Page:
Do you know what you’re capable of? Do you have greatness – true empirical greatness – inside of you? If you don’t think so, is there anyone in your life who does? (Whether you believe them or not. And by the way, I believe you do.) If you do, have you been able to actualize it? If not, do you really want to?
I mean, really want to. And what would it take for you to do so?
Our young Andrew Neyman knows he has greatness inside him, and he’s going to do, and to give up, whatever it takes to see it actualized.
Or so he thinks.
He’s earned his way into a competitive conservatory to study percussion, with sights on studying under the imposing figure of bandleader Terence Fletcher. Fletcher is an daunting figure indeed, yet ultimately kind in a gruff, drill-sergeant kind of way.
Or so Neyman thinks.
See, Fletcher will have greatness seen… and he doesn’t much care what has to happen to see it. Or so Neyman thinks.
And this time, Neyman may be right.
Thus begins the most riveting cinematic relationship of 2014 thus far, and certainly one of the top 100 in film, as Fletcher begins his relentless assault on everything standing in the way of Andrew’s greatness, up to and including Andrew himself. In this searing character study by writer/director Damien Chazelle, we find out, along with Andrew, how far it is rational (even ethical) to push someone (including oneself) in order to birth the talent of a generation and the legacy of a life.
Because, as Fletcher would argue, we don’t really know where that talent is, if it is there at all, until we absolutely refuse to take No for its answer. Until we we summon all stubbornness and resolution to draw deep enough upon the self to tap into the depths of the soul, the way Ed Harris descended in The Abyss – past all supposition, past belief (conscious or otherwise), past the good opinion of others, past any plaintive cries of “I can’t!” (hearkening Jon Voight in Runway Train, as he snarled,”You don’know what you can do and what you can’t!”).
On the other hand, Fletcher may be a madman. An insensate perfectionist couching a sadistic streak within the mantle of professorial wisdom. Or maybe his charges are just too young; they’re in college now, but still aren’t fully formed as men and women who can withstand such scrutiny and “guidance.” Or perhaps he’s just in the wrong environment, better suited to boot camp (think Full Metal Jacket), or better yet, the “special nature and operational tempo” of SEAL training (think G.I. Jane). Or… maybe he’s right. Criminy…
So is this mentoring, or is it Stockholm Syndrome? Method-to-the-madness, or just madness? Is Fletcher dishing out more than is reasonable, or is Neyman masochistic for taking it? Or both, and reasonableness has long since taken its leave? Or neither, and this is simply the psychological and spiritual hazing necessary to a triumph hopelessly out of reach yet so close you can taste it?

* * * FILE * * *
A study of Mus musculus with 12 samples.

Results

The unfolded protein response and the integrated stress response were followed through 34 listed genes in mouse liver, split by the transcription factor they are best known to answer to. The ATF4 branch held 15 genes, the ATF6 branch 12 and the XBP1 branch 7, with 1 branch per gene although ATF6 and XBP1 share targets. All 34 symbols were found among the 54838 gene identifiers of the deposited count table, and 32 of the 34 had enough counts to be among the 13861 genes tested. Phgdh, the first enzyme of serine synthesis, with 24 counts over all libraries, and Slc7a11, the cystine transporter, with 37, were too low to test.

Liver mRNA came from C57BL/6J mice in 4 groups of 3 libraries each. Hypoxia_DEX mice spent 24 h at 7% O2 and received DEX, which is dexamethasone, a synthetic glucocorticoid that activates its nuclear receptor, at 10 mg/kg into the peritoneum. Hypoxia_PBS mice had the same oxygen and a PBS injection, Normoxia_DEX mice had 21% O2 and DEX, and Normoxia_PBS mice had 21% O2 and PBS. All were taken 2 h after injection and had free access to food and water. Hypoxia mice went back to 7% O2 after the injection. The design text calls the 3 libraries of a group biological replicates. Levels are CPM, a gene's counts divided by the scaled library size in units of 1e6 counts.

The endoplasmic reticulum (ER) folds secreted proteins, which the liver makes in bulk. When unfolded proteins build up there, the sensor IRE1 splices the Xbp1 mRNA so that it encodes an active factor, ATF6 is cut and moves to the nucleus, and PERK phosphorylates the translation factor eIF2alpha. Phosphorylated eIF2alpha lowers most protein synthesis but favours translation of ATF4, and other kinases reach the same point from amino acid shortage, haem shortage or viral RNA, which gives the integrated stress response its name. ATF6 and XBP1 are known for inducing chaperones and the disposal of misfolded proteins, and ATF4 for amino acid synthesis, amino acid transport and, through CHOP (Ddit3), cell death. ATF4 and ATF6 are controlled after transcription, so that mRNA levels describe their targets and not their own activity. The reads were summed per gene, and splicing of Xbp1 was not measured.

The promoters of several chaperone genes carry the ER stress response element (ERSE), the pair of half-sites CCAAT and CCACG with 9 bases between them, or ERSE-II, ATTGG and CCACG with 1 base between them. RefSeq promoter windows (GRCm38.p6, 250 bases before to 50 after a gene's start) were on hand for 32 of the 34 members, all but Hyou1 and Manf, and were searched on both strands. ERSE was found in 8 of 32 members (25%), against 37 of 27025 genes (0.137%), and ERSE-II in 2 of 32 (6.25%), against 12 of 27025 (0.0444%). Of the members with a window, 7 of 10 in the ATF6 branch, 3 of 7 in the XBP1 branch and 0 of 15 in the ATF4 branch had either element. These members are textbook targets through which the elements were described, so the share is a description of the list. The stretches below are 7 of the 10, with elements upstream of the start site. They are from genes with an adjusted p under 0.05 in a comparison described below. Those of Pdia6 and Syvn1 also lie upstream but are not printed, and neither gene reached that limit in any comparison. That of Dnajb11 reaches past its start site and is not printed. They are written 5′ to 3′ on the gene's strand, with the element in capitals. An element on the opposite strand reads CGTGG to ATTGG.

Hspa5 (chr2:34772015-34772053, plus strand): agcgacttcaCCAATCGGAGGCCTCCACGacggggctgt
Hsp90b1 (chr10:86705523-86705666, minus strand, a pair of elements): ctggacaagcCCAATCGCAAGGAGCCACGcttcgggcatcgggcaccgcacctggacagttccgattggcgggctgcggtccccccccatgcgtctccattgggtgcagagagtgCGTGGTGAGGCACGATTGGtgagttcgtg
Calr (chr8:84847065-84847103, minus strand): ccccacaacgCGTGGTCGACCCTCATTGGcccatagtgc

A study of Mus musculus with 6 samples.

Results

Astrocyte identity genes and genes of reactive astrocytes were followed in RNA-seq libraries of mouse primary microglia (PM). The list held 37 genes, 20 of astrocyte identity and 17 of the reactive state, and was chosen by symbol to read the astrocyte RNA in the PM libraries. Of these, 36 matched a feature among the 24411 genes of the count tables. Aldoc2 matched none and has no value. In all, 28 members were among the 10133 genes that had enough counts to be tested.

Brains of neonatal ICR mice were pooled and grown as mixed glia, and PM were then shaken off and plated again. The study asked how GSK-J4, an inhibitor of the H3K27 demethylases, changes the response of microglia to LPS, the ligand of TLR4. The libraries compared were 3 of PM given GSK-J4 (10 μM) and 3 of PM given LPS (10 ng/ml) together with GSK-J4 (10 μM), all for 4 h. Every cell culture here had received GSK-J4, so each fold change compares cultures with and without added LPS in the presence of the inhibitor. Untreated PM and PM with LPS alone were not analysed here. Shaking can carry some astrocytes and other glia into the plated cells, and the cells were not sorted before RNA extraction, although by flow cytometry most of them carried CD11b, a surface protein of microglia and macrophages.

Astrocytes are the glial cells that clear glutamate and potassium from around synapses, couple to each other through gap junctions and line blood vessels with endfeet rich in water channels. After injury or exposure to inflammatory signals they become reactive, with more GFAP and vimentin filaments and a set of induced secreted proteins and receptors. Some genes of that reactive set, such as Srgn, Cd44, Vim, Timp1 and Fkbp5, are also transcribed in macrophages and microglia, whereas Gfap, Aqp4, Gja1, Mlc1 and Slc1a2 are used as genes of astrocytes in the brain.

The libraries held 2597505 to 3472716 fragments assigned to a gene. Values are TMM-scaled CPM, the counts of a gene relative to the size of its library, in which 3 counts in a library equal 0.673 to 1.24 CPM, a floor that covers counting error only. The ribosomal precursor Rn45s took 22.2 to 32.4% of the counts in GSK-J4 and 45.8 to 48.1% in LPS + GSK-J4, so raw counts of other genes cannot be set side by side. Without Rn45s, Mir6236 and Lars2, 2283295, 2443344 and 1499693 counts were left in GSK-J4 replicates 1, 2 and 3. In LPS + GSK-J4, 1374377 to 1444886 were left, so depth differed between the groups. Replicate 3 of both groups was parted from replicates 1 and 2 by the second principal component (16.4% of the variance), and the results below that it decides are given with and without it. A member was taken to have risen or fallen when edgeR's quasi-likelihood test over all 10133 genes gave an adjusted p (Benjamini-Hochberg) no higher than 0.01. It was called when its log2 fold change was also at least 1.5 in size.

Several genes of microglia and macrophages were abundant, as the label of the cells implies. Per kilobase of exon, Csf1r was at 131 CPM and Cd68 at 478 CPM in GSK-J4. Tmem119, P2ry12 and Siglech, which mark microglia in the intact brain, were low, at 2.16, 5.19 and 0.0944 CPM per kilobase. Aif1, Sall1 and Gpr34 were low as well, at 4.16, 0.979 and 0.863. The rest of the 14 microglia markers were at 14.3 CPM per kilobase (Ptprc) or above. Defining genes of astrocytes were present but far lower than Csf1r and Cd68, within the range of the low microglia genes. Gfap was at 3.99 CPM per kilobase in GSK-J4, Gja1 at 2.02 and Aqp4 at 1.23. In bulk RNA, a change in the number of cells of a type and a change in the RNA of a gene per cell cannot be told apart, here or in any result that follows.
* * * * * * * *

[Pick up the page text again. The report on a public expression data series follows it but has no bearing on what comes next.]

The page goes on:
The mind starts to boggle. Neyman’s sure does (as does his well-meaning dad’s, portrayed by a pitch perfect Paul Reiser).
Whiplash represents an Oscar-worthy accomplishment in script, direction, editing, sound, and performance. Written and directed by Damien Chazelle, it calls forth landmark performances: Miles Teller fulfills the promise of Rabbit Hole and secures his future alongside the likes of Tom Hanks (perhaps even jettisoning “the likes of”), and J.K. Simmons shames every casting director who ever underestimated him, turning in nothing short of a revelation.
A revelation not because we didn’t think he had it in him, but because he we finally get so see it (I tell you what, those Farmers Insurance commercials will never look the same). Lots of us loved his wry wit in Juno, and some of us have known him for years as Law & Order‘s Dr. Emil Skoda, but so often his best scenes (there and elsewhere) are so quiet that they slip past unnoticed. Except by Chazelle, praise be.
One notable occasion hinting at the prowess we see in Whiplash could be seen in Skoda’s interview of a young serial murderer in training; Skoda questioned her sharply and aggressively, but also remained mindful that he was, in fact, speaking with a child, and Simmons handled the scene with skill on every level. Another beauty may be found in Up in the Air, in which he gets fired by George Clooney; the ten seconds of silence after Anna Kendrick hands him his separation packet are laden with the nuance of a lifetime, the kind of moment that we’re so caught up in the impact that it’s easy to overlook the person bringing it to us.
He won’t be overlooked anymore. Guaranteed. If Simmons never acted again, he can rest his head on the pillow knowing that we know. And I for one can rest my head on the pillow in bliss for the knowing of it.
While both deserve Best Actor, I do pray it’s a leading/supporting role pairing, thus may they sweep. Will it happen? Unlikely, but then again Demián Bichir was nominated for A Better Life, so baby, anything is possible. (Not unlikely that Bichir was deserving, but that all the machinations came together to result in an actual nomination. Just so we’re clear.)
Both transformed come film’s denouement in ways not anticipated, we suddenly realize that Neyman and Fletcher aren’t finished with each other, and as the two resolve their differences in an almost gladiatorial showdown, they both find their answers by releasing us to the credits in a daze.
This is Potter & Dumbledore: MMA Edition, with drums. And it will reverberate in your soul for days, weeks, even perhaps years to come.